Eye injuries can range from relatively trivial, such as irritating the eye with shampoo, to extremely serious, resulting in permanent loss of vision.
An eye injury can occur in many settings; in the home, at work or when playing sports.
Common causes of injury include:
- something like a small particle of grit or a twig damages the transparent front part of the eye known as the cornea – this type of injury is known as a corneal abrasion
- a foreign body such as a small piece of wood or metal gets stuck in the eye
- a sudden blow to the eye, from a fist or a cricket ball for example, causes the middle section of the eye (the uvea) to become swollen – this type of injury is known as traumatic uveitis
Less common and more serious types of this injury include:
- exposure to harmful chemicals – this is known as an ocular chemical burn
- the eye becomes cut and starts bleeding
First aid Treatment
If something has stuck to the eye or is embedded, like a piece of glass, it is not a first aid task to remove the object. The aim in this case is to prevent the condition from getting worse by keeping the eye as still as possible, and giving the casualty plenty of reassurance.
- Do not touch the embedded object
- Cover the eye with a sterile eye pad, taking care not to put pressure on the eye. Eye pads are marked as such in the first aid kit. They are cupped so as not to press directly on the eye.
- Bandage the eye carefully and arrange for the casualty to go to hospital. If you are in any doubt about aggravating the injury, call for an ambulance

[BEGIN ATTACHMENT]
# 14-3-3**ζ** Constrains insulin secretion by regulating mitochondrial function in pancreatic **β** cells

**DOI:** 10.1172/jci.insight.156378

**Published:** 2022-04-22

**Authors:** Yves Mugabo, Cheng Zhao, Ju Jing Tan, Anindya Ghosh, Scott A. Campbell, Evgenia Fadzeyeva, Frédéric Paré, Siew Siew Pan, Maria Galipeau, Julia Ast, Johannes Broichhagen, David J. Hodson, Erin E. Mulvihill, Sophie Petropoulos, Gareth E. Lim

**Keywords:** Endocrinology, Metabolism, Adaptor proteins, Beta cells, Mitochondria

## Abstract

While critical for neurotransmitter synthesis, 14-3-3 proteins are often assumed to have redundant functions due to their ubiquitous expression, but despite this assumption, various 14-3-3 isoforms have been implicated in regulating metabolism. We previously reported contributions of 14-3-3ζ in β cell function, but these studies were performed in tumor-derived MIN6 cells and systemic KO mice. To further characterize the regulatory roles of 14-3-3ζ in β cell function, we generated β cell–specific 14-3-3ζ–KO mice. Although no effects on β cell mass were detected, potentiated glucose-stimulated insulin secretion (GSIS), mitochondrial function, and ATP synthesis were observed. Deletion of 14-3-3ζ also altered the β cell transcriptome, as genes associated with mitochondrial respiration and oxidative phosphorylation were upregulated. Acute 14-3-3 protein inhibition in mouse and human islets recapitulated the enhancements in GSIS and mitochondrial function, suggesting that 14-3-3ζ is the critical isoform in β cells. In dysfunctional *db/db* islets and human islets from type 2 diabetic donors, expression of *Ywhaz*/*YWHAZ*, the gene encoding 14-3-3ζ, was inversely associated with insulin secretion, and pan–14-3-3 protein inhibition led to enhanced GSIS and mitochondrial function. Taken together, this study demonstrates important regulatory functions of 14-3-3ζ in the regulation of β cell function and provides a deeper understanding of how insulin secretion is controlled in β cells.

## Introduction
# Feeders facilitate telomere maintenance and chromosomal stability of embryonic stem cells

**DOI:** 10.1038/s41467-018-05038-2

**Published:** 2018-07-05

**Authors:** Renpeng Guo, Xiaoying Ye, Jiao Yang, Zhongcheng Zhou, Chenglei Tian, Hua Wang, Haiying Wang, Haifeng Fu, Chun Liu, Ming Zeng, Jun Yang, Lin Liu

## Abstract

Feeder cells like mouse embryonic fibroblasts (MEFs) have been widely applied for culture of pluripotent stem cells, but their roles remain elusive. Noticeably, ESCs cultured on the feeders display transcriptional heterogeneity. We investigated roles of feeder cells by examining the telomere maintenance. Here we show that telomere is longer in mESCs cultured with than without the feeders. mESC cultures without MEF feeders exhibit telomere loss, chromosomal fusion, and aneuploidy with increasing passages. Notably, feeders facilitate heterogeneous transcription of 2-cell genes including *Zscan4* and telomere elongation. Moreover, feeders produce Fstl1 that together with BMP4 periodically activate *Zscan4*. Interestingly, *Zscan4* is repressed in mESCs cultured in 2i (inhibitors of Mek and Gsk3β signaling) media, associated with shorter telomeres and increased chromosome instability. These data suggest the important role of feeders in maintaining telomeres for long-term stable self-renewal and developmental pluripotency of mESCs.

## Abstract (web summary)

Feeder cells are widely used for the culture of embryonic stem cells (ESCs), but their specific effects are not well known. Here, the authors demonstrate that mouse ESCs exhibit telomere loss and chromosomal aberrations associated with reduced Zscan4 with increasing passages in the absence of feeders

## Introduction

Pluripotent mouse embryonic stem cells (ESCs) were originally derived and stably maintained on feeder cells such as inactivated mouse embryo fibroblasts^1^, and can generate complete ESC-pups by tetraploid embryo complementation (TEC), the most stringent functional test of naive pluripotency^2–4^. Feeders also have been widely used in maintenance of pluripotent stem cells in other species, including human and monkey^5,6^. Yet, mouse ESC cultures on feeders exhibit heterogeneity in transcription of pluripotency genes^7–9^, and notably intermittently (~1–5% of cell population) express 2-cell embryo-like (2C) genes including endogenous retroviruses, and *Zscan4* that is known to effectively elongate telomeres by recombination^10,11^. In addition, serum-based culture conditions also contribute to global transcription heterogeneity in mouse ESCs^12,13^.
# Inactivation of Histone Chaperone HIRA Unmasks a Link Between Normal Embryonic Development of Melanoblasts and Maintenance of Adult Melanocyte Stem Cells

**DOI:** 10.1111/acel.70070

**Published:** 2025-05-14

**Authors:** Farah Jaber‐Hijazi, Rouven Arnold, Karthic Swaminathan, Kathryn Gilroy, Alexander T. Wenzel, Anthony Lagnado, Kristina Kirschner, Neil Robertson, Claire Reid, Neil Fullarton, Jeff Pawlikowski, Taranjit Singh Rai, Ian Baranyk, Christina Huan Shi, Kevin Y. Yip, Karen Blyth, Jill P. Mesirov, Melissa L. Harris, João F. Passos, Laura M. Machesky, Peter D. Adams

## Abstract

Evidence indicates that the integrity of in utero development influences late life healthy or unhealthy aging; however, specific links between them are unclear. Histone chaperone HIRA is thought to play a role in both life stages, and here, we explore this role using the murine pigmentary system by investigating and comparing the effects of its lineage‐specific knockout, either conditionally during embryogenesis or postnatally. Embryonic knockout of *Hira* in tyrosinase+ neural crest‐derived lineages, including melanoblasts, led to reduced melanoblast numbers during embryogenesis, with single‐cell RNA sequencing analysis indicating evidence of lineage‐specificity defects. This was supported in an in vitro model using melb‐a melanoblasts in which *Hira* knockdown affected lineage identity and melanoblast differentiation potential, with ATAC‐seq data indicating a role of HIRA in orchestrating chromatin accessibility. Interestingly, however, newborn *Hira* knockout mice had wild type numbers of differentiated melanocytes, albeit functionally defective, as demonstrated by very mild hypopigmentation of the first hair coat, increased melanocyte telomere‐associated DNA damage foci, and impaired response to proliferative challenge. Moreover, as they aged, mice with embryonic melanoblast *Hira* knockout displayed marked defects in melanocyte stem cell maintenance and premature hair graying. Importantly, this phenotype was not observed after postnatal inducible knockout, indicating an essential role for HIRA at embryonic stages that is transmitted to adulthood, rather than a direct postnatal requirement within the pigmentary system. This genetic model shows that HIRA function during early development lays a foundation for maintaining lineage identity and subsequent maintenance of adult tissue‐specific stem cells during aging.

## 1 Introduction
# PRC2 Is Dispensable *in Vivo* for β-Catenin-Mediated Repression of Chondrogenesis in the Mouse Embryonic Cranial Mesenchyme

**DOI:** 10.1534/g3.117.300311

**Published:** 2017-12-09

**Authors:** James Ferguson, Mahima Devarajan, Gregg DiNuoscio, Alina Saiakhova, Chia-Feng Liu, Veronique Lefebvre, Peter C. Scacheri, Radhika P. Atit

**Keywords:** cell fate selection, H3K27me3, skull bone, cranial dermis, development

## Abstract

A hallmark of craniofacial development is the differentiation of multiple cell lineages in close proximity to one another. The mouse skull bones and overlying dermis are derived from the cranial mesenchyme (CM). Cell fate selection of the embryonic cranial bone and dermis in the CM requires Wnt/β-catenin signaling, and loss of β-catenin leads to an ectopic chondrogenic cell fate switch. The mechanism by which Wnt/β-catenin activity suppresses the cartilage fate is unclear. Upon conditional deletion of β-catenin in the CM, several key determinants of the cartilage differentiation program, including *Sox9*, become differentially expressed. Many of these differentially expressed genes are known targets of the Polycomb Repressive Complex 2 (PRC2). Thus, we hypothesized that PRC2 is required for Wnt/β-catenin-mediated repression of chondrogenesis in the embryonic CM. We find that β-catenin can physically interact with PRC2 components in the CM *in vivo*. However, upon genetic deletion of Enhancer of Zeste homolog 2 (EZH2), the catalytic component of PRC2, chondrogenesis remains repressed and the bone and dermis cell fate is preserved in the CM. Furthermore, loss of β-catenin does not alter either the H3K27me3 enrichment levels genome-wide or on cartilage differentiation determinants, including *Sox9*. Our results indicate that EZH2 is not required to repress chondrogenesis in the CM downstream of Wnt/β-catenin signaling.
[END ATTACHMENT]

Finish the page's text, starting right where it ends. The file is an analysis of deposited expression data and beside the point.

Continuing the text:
- If the object is large, such as a dart, support the object in the position found and call for an ambulance. Keeping the persons head as still as possible. Never remove anything that is embedded
Corrosive or Poisonous Substances that are Embedded
The treatment for chemical or poisonous splashes in the eye is similar to the treatment of burns. If the eye is not irrigated as soon as possible, permanent damage can be done to the eye.
Wear gloves if available
- Keep the affected eye under running water for a minimum of 10 minutes.
- Be prepared to use a gentle but firm approach to the eye. The pain may cause it to close tight.
- Close and cover the eye with an eye pad and arrange transport to hospital.
GK First Aid Training offer a number of First Aid Courses that deal with an eye injury. We offer both the 1 Day Emergency First Aid at Work and the 3 Day First Aid at Work Course. Both of these courses can be delivered directly to you in your workplace. Call us directly on 0800 774 7034 to discuss your requirements.